I love cars, old cars, new cars, trucks, SUVs, anything, as long as it’s got some personality and a bit of style. My husband just views them as transportation, a way to get from one place to another faster than walking or taking the bus. If it was up to me, I’d buy them like shoes, coordinating them with my outfits and that day’s mood, storing them in a big garage where I could go and ponder which of my collection to drive today, what do I feel like today… let’s see the Caddy or maybe the SUV? In a bad mood? Let’s take the black Dodge Charger. Whenever we buy a car the husband has to steer me away from the great cars on the lot toward the practical cars with admonishments about bad gas mileage and impracticality. I go along with him even though the car lover in me doesn’t really care about those things.
I’m particularly fond of old cars and muscle cars; big, old, American made gas guzzlers with steering wheels as big around as a large pizza, fins you could hang a laundry line from and that require a parking space large enough for semi; loud fast, muscle cars, the beefy originals of the re-imagined versions now put out by Ford, Dodge, and Chevy. Those cars are just cool – they look cool, they sound cool, I felt cool when driving one.
The very first car I ever owned, the one that was mine, paid for with my own money earned at my first real job, was a 1969 Ford Mustang Boss 302. It was white with black racing stripes and chrome wheels. I had trouble getting insurance for it since I was still using my parents insurance company and the place wouldn’t touch it because it was a “race car”. I didn’t really mind the hassles about insurance after that, I was driving a cool car so the cost of insurance wasn’t important. A car like that, it gives a girl confidence, particularly when she – I – was out in the world for the first time and not really sure I knew what I was doing. I could go out, get in the car, tool around for awhile listening to music, eyeing the guys eyeing my car, and get an instant attitude adjustment. I loved that car, drove it for years during college and after, did all the work on it myself, even changed the radiator and heater core out which was a bitch to do, even following the Chilton’s instructions.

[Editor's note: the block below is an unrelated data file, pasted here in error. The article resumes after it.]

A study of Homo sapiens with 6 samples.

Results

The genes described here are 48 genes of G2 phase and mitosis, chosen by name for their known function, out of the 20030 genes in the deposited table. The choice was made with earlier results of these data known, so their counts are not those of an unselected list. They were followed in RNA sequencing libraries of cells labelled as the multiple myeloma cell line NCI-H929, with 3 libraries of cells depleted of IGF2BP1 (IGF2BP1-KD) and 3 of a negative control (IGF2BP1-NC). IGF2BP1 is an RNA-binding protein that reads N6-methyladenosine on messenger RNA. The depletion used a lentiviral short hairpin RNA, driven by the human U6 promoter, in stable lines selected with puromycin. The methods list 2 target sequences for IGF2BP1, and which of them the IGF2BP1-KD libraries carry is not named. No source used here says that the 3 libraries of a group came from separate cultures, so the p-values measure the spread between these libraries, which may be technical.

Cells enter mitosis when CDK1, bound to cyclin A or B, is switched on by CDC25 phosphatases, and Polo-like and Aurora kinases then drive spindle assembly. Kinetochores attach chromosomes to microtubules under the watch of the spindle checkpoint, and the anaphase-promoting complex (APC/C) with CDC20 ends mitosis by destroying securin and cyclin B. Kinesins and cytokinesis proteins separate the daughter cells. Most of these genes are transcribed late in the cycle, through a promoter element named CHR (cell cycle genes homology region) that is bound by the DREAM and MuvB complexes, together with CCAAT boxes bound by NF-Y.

Eventually it started to leak and squeak, water would leak into the interior causing it smell like a swamp and the windows to fog up on the inside when the heater and A/C couldn’t keep up with it any more; the suspension squeaked so badly that going over rough road sounded like a great Saturday night on a cheap bed. Practicality and lack of funds to fix the major problems led to the agonizing decision to sell it in order to buy something more dependable. More boring. More adult. Less Cool.
I miss the time when just driving a car was all it took to make things better. All I had to do was put the Mustang on like a suit of armor and be a bit more invincible, more desirable, more confident than I was without it. The Honda just doesn’t do it that for me. It gets me from place to place, dependably, quietly, boringly but with no particular style or panache, no aura of cool confidence that I got from my first car. Maybe I don’t need that any more, practical considerations being more important, but I still miss it.
When I see an old, well cared for classic car on the street I have to walk over and take a look. It’s all I can do not to caress a fender or put nose prints on the windows looking at the upholstery inside. If I’m lucky the owner, usually a guy older than I am, will come out and I can openly admire his ride, envious that I don’t have one of my own. He’ll stand a little straighter, get a gleam in his eyes talking about it and you can see the Cool Guy he was when he drove that model for the first time. Maybe that’s why old guys have all the cool old cars, they remember how great it was to drive one and want to catch just little chill before it’s too late. Someday I’m going to be old enough to toss practicality out the window, maybe leave it open, get me another cool car and catch a little chill.